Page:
A happy Lord of the Rings Day to you! March 25 is celebrated as such around the world (though not by too many people, I imagine) to commemorate what still endures as an excellent work of epic fantasy as well as – by its fans – to commemorate Frodo’s destruction of the One Ring at Mount Doom.

I was recently having a conversation with Thomas M. and Srividya T., which he’d mooted by asking what fantasy fiction would’ve looked like today if it had descended not from J.R.R. Tolkien’s seminal trilogy but from Marlon James’s Dark Star trilogy, which I’m yet to read.

The conversation swiftly segued to what it was that made Tolkien tick (the extent of inventiveness), the influences on Lord of the Rings (World War I and Christianity) and the parts of modern fantasy fiction that can’t trace their roots to Tolkien’s writing (drugs, sex and depiction of race). The last bit’s a bit of a stretch, of course: you’re either deriving from him or reacting to him.

This is what makes Lord of the Rings Day just as relevant 65 years after Fellowship of the Ring was first published. Lord of the Rings assumed primacy not because it was the first work of epic fantasy that we know of (this should take some research to uncover) but because it was the first major work of its kind written by a white, British man in the colonial era. And the fact that no fantasy fiction writer can ignore Tolkien on their way to creative glory is a testimony to our collective colonial hangover.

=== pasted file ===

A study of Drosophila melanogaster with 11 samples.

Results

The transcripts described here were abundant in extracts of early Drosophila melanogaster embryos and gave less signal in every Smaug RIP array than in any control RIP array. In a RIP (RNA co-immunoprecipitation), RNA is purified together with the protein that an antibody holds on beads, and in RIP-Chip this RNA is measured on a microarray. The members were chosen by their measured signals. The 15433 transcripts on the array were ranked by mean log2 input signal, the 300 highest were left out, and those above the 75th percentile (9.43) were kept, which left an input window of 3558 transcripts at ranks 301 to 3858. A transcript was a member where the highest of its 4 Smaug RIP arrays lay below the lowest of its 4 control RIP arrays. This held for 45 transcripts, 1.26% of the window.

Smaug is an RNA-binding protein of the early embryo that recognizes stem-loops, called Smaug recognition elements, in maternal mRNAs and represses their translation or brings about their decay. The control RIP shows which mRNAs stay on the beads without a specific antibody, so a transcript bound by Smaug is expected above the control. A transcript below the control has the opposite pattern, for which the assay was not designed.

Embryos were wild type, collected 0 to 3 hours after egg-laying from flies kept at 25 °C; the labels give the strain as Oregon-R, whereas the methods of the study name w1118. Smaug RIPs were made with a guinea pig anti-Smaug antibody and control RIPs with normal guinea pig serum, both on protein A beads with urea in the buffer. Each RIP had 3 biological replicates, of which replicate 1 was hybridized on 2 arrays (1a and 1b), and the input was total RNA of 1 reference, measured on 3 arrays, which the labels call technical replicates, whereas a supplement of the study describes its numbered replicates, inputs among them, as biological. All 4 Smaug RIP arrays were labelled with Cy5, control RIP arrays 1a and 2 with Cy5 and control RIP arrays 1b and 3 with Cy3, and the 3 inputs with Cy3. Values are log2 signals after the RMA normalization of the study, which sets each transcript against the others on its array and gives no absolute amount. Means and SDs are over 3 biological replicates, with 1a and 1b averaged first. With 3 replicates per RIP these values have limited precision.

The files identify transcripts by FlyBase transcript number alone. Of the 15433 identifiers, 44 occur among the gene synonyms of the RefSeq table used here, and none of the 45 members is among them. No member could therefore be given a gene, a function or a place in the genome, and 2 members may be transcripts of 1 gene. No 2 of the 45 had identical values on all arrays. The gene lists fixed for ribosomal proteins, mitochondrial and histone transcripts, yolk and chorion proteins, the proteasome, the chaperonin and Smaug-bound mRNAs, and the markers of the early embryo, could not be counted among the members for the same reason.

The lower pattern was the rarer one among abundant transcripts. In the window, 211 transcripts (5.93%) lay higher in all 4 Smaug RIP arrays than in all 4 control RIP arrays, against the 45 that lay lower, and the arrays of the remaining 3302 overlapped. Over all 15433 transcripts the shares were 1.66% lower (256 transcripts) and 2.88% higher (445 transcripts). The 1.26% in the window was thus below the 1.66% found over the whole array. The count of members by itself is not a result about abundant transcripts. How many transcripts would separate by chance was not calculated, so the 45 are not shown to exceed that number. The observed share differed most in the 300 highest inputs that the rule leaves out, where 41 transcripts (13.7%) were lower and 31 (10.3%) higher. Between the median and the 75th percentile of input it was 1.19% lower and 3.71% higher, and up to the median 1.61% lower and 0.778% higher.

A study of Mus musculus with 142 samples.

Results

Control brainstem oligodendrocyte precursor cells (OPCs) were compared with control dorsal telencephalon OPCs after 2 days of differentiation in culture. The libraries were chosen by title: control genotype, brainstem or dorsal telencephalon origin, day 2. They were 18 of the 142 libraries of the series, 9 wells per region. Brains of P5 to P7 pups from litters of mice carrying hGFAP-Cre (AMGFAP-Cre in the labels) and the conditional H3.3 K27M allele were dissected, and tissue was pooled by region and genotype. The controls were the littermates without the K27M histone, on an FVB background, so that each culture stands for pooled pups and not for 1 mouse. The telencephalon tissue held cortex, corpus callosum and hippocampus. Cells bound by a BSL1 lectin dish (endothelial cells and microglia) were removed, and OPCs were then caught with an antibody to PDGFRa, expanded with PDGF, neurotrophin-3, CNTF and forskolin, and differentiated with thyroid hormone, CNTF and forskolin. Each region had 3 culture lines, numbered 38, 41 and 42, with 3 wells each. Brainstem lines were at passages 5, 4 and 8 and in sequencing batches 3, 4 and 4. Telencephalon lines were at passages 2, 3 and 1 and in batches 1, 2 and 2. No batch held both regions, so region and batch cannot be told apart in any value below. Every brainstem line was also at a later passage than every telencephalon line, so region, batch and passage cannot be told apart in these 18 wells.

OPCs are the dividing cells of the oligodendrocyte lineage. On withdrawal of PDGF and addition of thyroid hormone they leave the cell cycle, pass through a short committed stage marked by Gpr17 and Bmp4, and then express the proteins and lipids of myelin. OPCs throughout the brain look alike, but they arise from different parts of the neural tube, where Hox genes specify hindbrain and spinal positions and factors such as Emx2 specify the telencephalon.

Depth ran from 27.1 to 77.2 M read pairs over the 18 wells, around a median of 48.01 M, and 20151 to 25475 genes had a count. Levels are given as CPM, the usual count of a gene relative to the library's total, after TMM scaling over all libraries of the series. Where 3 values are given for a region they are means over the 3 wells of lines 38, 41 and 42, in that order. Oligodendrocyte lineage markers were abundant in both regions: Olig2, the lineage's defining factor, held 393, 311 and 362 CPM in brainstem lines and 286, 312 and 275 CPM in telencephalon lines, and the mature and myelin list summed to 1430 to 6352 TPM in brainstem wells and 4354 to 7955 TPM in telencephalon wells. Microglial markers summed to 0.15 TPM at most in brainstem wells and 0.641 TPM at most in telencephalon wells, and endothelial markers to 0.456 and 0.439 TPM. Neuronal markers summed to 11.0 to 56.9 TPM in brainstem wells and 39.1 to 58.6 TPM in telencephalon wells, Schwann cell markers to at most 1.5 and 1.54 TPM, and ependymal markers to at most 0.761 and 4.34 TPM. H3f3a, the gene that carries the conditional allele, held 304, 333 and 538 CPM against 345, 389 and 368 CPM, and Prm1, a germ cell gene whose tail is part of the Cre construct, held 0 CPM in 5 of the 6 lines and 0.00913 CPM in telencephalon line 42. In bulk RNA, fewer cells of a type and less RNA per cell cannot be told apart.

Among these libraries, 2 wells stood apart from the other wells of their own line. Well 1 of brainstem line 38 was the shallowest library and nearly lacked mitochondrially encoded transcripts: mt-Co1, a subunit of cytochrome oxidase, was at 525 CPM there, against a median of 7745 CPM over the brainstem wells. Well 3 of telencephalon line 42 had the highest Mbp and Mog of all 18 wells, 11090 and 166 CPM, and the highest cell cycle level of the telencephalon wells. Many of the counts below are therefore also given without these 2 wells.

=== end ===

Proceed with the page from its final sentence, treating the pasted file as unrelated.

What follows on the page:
However, this doesn’t mean we should start ignoring Tolkien’s works. It’s important to remember at all times that irrespective of their provenance, Lord of the Rings and The Silmarillion are still brilliant fantasy, and by virtue of being fantasy, they’re much more than about their author alone.

For example, what I’ve always loved about fantasy fiction is that – inasmuch as it is an expression of trauma that struggles to find expression in the shared languages of the world (although Marlon James puts it much better in his 2019 Tolkien lecture) – the fantasies of others are frequently the seeds of our own worlds. Its reward is more of itself, and that’s beautiful.

So today, if you have the chance, pick up a copy of the Lord of the Rings, flip to a chapter you like and read it again. You might just have new ideas.

Featured image credit: Annie Spratt/Unsplash.